Into my heart an air that kills
From yon far country blows:
What are those blue remembered hills,
What spires, what farms are those?
That is the land of lost content,
I see it shining plain,
The happy highways where I went
And cannot come again.
In valleys of springs of rivers
By Ony and Teme and Clun
The country for easy livers,
The quietest under the sun
Three verses from A Shropshire Lad by A E Housman in which the ‘lad’ yearns for his home country and his ‘blue remembered hills’.
Shropshire is indeed quiet, for easy livers and, although few who have never visited would think of it as a prime hillwalkers’ destination, in reality those rivers flow through some of the prettiest hills in England. True, none of them reach the 2000ft ‘mountain’ status but if you’re striding out along the long, airy ridges it matters not a jot. The hills are mostly velvety green like the Howgills but many have underlying geology of hard volcanic rock, which surfaces as summit dark crags and tors.
Shropshire lies at the heart of England, an extremely rural county with only two sizeable towns, Shrewsbury and Telford. Stand on any of its mountains and you’ll see a patchwork of greenery; pastures divided by hedgerow and woodland copses. It’s undulating country, never truly mountainous, but with enough distinctive peaks and rocks to keep a walker happy for years.
The county is divided into two by the River Severn, which meanders from the Welsh hills into Shrewsbury, where it forms a wide loop before threading through a wooded gorge at Ironbridge and, beyond Bridgnorth, out into Worcestershire. To the north and east of the great river, the landscape is one of flat, fertile pastures; to the south and west it’s one of fine but little-known hills. The latter area has been designated ‘the Shropshire Hills Area of Outstanding Beauty’. Most but not all of the walks are here.
When I was asked to write a book Hillwalking in Shropshire by Jonathan Williams at Cicerone I jumped at the chance. I’d always loved the county, nearly as much as Wales, the land of my mother and generations of her family.
My first recollections of the county were as a 7-year-old, seeing it from the window of my dad’s old Flying Standard 12 car.
My first recollections of the county were as a 7-year-old, seeing it from the window of my dad’s old Flying Standard 12 car. Motorways hadn’t been invented so each year the family would follow the winding A49 from the red-bricked terraces of Lancashire to the pastoral landscapes of this beautiful Midlands county on a journey to my grandparents in Bournemouth. I was fascinated by the red earth of the newly-ploughed fields, the pretty half-timbered cottages and the attractive crag-fringed hills on both sides of the road. Shropshire also meant lunch, for my dad knew of this great lay-by where we would get the camping chairs out and gorge ourselves on mum’s deep-filled ham and egg pie – we didn’t call it quiche in those days. I didn’t know the name of the place or the hills but I’ve since found out that it was on the outskirts of Church Stretton and the hills were Caer Caradoc and the Long Mynd.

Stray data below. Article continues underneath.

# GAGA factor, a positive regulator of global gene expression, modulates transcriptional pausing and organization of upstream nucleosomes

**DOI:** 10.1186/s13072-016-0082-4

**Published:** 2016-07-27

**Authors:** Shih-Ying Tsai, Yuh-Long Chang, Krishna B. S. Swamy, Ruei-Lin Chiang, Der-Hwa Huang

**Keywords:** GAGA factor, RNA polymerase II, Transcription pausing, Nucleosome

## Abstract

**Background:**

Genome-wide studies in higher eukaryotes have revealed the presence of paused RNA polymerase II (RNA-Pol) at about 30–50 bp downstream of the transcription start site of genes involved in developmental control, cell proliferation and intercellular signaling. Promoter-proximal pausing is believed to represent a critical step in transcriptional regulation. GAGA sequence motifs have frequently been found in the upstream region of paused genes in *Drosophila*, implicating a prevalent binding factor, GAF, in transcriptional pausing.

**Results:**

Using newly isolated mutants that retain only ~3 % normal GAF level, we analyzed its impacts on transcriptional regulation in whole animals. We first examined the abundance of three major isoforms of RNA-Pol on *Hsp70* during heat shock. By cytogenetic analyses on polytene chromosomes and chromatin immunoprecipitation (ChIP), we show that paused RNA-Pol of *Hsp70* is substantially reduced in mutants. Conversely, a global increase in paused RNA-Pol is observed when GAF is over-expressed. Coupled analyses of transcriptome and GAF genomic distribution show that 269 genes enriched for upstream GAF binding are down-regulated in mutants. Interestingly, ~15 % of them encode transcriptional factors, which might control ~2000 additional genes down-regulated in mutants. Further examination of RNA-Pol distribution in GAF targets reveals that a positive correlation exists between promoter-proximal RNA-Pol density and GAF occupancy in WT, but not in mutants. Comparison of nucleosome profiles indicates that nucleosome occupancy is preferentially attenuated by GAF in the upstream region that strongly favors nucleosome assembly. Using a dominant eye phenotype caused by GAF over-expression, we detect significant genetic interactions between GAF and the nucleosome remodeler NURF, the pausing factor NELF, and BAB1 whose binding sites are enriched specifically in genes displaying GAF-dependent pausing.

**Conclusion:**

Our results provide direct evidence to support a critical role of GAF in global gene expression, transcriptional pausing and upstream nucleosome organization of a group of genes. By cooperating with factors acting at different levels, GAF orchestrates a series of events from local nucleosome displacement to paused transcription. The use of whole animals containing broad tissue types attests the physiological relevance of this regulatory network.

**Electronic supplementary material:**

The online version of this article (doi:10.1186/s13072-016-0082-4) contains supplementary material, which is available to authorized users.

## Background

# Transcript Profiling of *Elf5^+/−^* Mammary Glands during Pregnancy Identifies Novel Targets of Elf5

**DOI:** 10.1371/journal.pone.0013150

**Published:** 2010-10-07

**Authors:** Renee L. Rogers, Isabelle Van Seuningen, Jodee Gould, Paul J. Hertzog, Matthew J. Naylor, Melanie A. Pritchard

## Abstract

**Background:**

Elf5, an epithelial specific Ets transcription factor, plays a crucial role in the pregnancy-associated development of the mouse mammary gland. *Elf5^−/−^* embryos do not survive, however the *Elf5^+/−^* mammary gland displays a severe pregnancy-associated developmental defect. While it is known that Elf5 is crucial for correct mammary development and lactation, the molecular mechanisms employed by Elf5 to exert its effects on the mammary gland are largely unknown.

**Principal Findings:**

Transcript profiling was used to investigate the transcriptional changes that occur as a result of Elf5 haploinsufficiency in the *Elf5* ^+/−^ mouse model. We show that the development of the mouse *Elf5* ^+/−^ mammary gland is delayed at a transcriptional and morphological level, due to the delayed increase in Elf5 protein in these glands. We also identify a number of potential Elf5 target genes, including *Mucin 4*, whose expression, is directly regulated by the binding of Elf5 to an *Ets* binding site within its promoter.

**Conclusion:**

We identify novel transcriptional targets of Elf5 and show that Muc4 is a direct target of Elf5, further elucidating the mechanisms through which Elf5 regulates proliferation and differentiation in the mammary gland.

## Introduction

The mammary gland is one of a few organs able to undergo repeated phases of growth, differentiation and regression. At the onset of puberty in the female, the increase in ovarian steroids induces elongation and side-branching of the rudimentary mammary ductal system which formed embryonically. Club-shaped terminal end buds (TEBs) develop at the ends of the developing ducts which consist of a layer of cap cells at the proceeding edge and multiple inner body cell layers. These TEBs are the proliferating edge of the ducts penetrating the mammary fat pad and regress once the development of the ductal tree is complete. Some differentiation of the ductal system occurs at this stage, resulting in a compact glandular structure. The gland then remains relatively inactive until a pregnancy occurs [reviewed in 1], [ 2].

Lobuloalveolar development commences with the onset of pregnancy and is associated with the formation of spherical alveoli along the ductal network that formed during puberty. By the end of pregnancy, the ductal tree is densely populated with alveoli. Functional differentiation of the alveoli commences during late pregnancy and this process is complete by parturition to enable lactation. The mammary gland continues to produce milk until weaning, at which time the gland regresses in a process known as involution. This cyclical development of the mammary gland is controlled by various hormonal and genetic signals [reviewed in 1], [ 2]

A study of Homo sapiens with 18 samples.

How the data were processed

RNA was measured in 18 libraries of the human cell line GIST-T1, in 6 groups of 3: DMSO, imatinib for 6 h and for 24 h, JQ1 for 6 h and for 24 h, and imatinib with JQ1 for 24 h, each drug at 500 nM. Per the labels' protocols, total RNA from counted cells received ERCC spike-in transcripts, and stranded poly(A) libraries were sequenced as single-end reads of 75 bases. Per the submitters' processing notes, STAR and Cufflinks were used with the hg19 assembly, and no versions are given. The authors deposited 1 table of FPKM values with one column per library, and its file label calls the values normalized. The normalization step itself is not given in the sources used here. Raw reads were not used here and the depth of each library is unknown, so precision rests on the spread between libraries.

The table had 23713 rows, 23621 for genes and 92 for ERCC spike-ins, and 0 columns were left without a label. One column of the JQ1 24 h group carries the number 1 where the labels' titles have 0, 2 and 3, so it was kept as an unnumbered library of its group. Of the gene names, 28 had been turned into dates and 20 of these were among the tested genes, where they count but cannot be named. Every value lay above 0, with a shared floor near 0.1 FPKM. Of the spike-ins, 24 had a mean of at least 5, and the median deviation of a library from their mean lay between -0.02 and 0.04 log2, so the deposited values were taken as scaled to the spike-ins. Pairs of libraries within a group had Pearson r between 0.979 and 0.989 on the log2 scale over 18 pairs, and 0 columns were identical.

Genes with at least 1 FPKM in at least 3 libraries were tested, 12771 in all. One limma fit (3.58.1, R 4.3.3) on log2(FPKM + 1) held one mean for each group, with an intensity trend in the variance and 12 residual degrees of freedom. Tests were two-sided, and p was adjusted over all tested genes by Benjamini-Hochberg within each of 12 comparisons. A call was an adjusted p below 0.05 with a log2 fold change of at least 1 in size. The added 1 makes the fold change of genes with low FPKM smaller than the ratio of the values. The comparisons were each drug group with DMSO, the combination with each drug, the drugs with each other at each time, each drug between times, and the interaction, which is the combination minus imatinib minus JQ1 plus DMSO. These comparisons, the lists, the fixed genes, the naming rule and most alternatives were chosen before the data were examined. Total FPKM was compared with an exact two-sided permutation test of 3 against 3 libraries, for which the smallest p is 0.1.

Starting from the south I’ll begin a journey through the county in the magnificent town of Ludlow, where the River Teme cuts a fine valley, winding through the south Shropshire countryside to the Knighton and the Welsh borders. Here Offa’s Dyke takes us over green ridges to the Kerry Hills and the small town of Clun. Hereabouts many of the hills are topped with Iron Age forts to enliven the day and spark the imagination. From Ludlow you can look east to Titterstone Clee Hill, a rakish, rugged escarpment crowned by towers and white radomes and a fine viewpoint with some craggy slopes. It’s scarred with mines and quarries but, if you love industrial archaeology, then you’ll love the place, also Brown Clee Hill a few miles to the north. Brown Clee is the highest hill in the county and its industrial scars have been softened by forests in the east.
The most spectacular scenery however lies to the north and east between the wooded limestone escarpment of Wenlock Edge and the plains of Shrewsbury and the Severn Valley. Here are three distinct ranges; the Stretton Hills, the Long Mynd and Stiperstones. The Stretton Hills are steep-sided, whalebacks of volcanic origin
The Devil’s Mouth, the Long Mynd
with tremendous ‘free-striding’ ridges. Caer Caradoc is the highest of these and has a huge fort on top but the Lawley offers the purest of the ridge-walks. On the other side of Church Stretton is the Long Mynd, a broad 7-mile (11km) heather ridge cut deep in the east by several crag-fringed, steep sided batches (small valleys), which provide superb walks to the tops. Across the wide valley of the East Onny lies Stiperstones, another long heather ridge but this time studded with shattered rocky tors. Manstone Rocks on Stiperstones is the second highest peak in Shropshire.
The Devil’s Chair, Stiperstones
The hills get smaller as you go northwards towards Shrewsbury but the volcanic hog’s back that is the Wrekin makes one last stand. Although covered with forest there’s just enough open ground and lots of rocky outcrops to make this a top priority on a hillwalkers’ list.
Finally, to get a real idea of what lies waiting for explorers of the Shropshire Hills watch my 15-minute YouTube video.